Planes practise self-defence

Raytheon’s Integrated Defense Systems business has developed two security systems that protect aircraft on the tarmac and during takeoff and landing


Raytheon’s Integrated Defense Systems (IDS) business has developed two security systems that protect aircraft on the tarmac and during takeoff and landing.



The US Air Force is currently testing the company’s prototype of an Aircraft Self Protection Security System (ASPSS). Using near object detection sensor (NODS) technology, the system provides electronic perimeter security for aircraft parked on the tarmac of an airfield or in a field location.



Raytheon has also developed the Vigilant Eagle Airport Protection System, which protects aeroplanes from man-portable air defence systems threats during takeoff and landing. The two systems are complementary: Vigilant Eagle provides security for active aircraft, and ASPSS protects parked aircraft.



The four-sensor version of ASPSS is a low-cost, portable system the US Air Force recently accepted after tests at Eglin Air Force Base in Florida under a $2.1 million contract.



“This aircraft self protection security system warns of potential close proximity threats to aircraft parked on the ground,” said Mark Russell, Raytheon IDS vice president of Engineering.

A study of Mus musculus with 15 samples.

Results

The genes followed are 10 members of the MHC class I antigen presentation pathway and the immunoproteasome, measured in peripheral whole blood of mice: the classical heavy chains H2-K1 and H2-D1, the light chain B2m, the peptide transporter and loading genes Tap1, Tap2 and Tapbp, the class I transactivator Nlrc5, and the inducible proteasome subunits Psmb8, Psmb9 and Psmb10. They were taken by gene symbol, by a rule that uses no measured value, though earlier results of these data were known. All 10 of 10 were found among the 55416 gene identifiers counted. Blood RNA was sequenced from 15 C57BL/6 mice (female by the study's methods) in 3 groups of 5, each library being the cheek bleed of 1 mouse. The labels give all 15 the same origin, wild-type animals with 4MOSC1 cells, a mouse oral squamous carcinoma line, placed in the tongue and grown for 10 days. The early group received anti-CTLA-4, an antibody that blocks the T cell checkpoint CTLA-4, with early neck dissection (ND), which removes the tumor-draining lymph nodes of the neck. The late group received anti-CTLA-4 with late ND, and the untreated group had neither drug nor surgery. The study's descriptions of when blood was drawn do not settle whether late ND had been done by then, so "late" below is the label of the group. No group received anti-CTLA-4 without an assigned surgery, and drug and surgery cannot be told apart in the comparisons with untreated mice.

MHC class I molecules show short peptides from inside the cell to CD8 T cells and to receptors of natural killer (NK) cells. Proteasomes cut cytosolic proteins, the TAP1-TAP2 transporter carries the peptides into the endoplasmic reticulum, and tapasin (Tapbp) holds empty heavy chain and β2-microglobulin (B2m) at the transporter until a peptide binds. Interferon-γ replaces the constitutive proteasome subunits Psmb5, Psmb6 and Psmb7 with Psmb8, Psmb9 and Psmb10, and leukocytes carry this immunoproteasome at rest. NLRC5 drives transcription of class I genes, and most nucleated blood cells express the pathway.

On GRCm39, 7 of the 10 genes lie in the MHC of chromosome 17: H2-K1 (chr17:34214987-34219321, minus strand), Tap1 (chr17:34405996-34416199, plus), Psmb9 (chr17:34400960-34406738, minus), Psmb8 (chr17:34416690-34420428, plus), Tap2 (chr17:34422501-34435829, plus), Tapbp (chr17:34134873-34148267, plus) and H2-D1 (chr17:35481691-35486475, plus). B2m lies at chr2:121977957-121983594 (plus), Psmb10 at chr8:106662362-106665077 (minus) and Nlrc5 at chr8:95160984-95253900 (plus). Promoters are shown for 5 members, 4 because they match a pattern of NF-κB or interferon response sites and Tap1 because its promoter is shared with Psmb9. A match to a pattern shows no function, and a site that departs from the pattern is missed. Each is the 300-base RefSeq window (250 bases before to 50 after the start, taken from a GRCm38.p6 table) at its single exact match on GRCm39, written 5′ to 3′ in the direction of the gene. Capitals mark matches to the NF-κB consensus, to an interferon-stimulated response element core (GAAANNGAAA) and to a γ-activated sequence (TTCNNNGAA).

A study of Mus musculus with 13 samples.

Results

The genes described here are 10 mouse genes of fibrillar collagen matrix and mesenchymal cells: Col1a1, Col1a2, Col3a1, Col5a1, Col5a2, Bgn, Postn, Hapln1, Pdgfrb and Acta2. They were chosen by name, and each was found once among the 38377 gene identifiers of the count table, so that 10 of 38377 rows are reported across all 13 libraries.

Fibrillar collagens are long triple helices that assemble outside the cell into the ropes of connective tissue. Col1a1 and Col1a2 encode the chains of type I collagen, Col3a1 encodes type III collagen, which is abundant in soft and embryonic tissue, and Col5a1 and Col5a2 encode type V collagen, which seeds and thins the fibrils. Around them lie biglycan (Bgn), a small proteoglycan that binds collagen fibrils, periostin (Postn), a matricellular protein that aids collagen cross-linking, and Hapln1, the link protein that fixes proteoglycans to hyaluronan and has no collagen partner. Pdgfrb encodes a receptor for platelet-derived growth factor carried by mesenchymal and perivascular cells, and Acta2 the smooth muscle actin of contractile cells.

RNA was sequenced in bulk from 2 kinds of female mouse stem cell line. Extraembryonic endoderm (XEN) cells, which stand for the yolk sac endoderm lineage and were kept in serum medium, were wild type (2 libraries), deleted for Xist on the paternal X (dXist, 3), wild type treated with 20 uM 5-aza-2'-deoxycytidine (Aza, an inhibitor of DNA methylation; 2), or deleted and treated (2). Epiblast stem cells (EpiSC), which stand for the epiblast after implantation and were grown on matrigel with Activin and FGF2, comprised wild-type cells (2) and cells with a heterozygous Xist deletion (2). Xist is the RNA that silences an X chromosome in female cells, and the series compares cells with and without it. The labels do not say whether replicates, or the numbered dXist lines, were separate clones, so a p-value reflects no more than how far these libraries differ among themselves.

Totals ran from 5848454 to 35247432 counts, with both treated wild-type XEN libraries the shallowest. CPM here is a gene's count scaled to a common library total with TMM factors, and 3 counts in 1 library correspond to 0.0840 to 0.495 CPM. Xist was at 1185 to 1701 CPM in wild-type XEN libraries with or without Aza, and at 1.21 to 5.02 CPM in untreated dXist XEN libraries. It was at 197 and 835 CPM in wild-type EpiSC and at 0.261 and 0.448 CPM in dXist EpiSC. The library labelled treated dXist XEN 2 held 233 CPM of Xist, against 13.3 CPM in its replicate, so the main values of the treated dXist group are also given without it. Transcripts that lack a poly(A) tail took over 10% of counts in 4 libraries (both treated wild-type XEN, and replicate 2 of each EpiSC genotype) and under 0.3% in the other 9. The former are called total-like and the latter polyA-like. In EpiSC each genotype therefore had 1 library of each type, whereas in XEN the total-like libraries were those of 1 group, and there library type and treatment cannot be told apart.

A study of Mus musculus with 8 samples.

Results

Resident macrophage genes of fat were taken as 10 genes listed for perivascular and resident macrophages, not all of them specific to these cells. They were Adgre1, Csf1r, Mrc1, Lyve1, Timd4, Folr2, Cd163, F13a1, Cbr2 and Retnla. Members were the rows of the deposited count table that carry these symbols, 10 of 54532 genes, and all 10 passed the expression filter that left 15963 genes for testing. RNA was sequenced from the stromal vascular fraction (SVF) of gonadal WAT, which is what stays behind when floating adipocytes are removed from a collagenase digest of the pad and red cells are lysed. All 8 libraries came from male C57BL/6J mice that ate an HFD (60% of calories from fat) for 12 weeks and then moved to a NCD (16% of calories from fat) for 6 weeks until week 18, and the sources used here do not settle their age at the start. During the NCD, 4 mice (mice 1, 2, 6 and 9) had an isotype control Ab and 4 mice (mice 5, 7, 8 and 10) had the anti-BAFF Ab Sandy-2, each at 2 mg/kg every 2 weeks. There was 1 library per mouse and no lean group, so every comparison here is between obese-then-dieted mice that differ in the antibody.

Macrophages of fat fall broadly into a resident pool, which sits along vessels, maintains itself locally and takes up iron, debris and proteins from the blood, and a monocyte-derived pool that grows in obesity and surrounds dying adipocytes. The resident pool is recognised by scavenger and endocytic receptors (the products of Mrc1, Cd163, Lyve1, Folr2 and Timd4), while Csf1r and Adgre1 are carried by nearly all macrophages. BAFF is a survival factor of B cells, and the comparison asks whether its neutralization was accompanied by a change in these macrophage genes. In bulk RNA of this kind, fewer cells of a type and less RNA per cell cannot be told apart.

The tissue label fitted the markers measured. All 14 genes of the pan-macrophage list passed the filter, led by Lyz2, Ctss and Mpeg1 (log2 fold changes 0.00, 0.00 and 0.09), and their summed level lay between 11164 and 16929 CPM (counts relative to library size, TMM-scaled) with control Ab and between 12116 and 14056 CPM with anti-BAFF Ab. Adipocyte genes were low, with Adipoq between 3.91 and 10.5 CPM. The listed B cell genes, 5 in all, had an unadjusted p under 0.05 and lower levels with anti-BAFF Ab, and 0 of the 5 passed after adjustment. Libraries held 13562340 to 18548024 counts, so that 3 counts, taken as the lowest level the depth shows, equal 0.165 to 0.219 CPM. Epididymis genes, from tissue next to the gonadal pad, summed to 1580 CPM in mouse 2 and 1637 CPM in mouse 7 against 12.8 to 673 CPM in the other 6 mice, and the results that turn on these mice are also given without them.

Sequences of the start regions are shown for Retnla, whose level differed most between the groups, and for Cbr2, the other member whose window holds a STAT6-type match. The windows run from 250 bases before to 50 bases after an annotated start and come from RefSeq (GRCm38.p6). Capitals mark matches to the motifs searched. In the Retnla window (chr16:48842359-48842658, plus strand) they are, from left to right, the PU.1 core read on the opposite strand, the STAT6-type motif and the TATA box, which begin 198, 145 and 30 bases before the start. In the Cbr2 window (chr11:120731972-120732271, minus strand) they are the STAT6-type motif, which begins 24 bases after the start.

The NODS technology consists of three components: a near object detection sensor the size of a book, a communications module, and a personal digital assistant (PDA)-like alarm and display device. The near object detection sensor and communications module are mounted on a tripod and placed around the parked aircraft. The PDA-like display unit and another communication module, together known as an annunciator, are carried by security personnel. Each near object detection sensor covers approximately a 120-degree arc and is able to detect the presence of people and vehicles out to 100 metres and beyond.



Four sensors can provide overlapping 360-degree coverage of a single aircraft, and more sensors can be arranged to cover multiple aircraft parked together.



According to Russell, Raytheon IDS will be delivering a three-sensor solution to the Air Force in the near future and a multiple aircraft version in late summer.



In addition to aircraft protection, the technology shows promise for fence line, fixed facilities and commercial applications where cleared zone security is a consideration, Russell said.